Robots are entering the operating theatre to assist with full knee replacement surgeries.
The robots are designed to help surgeons remove damaged knees with greater accuracy and insert new implants.
Tasmanian orthopaedic surgeon Josh Petterwood is an early adopter of the technology which became available in Australia late last year.
So far he has done more than 30 full knee replacements with the robot.
“So far, so good. We’re finding really accurate results in the operating theatre and making post operative x-rays look straight up and down,” Mr Petterwood said.
“The patients are certainly finding that they’re up and going into their rehab quickly as well.”
The surgeons map out where the bone cuts will be made based on the patient’s anatomy, and the robot ensures the cutting tool does not stray from the plan.
“What we see now is this is providing sub-millimetre, sub-degree accuracy, and there’s no way that with hand-held instruments — a saw — that we normally use that we can achieve that,” he said.
The robot also helps with the placement of the knee implants.
“We can see what the computer predicts the knee will do once we’ve got the implants in, so we can make changes to this plan based on these graphs that we’re seeing,” Mr Petterwood said.
Mr Petterwood said 2 million Australians suffer from knee arthritis with more than 50,000 undergoing knee replacement surgery every year.
The robot doesn’t reduce operating times, but doctors hope it will decrease the number of patients returning for a second replacement.
“We’re looking at the flow-on effects of avoiding revision surgery which has been predicted to be increasing by 600 percent by 2030, so if we can bring that number down then it frees up the system to deal with more people,” Mr Petterwood said.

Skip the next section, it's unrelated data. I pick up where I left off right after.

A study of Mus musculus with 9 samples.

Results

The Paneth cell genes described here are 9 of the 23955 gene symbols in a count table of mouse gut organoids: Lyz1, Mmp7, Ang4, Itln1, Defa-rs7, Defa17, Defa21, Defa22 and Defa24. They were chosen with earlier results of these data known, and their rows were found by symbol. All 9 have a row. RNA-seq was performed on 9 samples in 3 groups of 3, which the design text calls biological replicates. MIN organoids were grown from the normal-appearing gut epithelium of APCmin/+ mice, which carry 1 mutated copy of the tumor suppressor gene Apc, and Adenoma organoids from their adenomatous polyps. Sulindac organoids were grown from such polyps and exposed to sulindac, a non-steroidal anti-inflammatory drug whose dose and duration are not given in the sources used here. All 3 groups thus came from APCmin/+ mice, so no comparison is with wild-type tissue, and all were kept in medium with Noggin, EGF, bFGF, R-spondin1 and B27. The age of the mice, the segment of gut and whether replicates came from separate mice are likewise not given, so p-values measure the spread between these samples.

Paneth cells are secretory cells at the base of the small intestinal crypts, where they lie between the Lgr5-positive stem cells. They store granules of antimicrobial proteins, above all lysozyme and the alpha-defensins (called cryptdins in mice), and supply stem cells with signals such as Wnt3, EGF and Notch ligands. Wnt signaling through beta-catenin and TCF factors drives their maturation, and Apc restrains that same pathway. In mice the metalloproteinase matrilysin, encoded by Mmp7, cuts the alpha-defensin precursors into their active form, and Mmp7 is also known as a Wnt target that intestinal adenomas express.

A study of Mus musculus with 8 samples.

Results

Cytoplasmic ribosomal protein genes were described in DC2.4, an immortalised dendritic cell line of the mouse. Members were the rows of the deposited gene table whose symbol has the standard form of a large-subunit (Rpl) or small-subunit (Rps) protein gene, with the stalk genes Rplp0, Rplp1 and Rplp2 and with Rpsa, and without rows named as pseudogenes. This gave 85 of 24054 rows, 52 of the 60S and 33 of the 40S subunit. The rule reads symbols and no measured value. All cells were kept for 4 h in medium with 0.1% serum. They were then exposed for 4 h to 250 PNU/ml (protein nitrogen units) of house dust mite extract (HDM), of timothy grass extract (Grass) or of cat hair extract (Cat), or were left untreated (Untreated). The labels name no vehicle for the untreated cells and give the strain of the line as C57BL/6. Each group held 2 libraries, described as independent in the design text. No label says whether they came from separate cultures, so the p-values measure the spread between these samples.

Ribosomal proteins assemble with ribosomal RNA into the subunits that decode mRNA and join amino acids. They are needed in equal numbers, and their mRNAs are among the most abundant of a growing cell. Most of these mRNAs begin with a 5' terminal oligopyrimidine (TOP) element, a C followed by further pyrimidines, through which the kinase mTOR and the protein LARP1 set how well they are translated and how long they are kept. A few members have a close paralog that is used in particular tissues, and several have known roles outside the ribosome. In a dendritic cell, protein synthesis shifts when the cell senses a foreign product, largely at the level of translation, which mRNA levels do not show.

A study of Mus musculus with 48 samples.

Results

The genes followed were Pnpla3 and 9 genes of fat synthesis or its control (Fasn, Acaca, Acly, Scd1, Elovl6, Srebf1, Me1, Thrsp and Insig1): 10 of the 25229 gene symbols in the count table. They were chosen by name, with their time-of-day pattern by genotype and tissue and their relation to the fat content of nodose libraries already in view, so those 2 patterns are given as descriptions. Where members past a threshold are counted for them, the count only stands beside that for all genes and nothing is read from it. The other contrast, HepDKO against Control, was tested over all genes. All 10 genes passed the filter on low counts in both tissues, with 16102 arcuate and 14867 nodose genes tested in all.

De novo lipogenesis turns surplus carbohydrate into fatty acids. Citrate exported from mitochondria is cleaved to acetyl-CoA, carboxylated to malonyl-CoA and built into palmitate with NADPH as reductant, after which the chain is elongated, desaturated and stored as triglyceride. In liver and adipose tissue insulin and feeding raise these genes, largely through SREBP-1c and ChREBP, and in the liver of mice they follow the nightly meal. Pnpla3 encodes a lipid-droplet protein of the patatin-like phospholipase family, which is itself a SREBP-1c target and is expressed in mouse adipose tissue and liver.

The technology is not widely available in the public system yet.
But Mr Petterwood said “all it takes is some collaboration between the university, industry and government to make that happen”.
Ron Massie, 82, had no hesitation in allowing a robot to assist with his knee replacement.
“It didn’t worry me, I didn’t give it a second thought to be honest … I thought it was all technology, improved technology,” he said.
Before his surgery Mr Massie said he was hoping to be pain-free and mobile.
“I played rugby union … and then I rode motorbikes and had few spills so I finished up with pretty bad knees,” he said.
The ABC was in the operating theatre when Mr Massie had his knee replaced and caught up with him a few days after the surgery.
He said he was happy with the results.
“Very good, I’m very pleased with how I feel, I’ve had very little pain,” he said.
After undergoing a traditional knee replacement 12 years ago, Mr Massie said he felt the robotically replaced knee compared favourably.
“A little better than last time I think, but it’s hard to tell it was 12 years ago. I’m very happy with what’s happened so far.”
Mr Massie has plans to return to his daily walks to the shop with his new knee.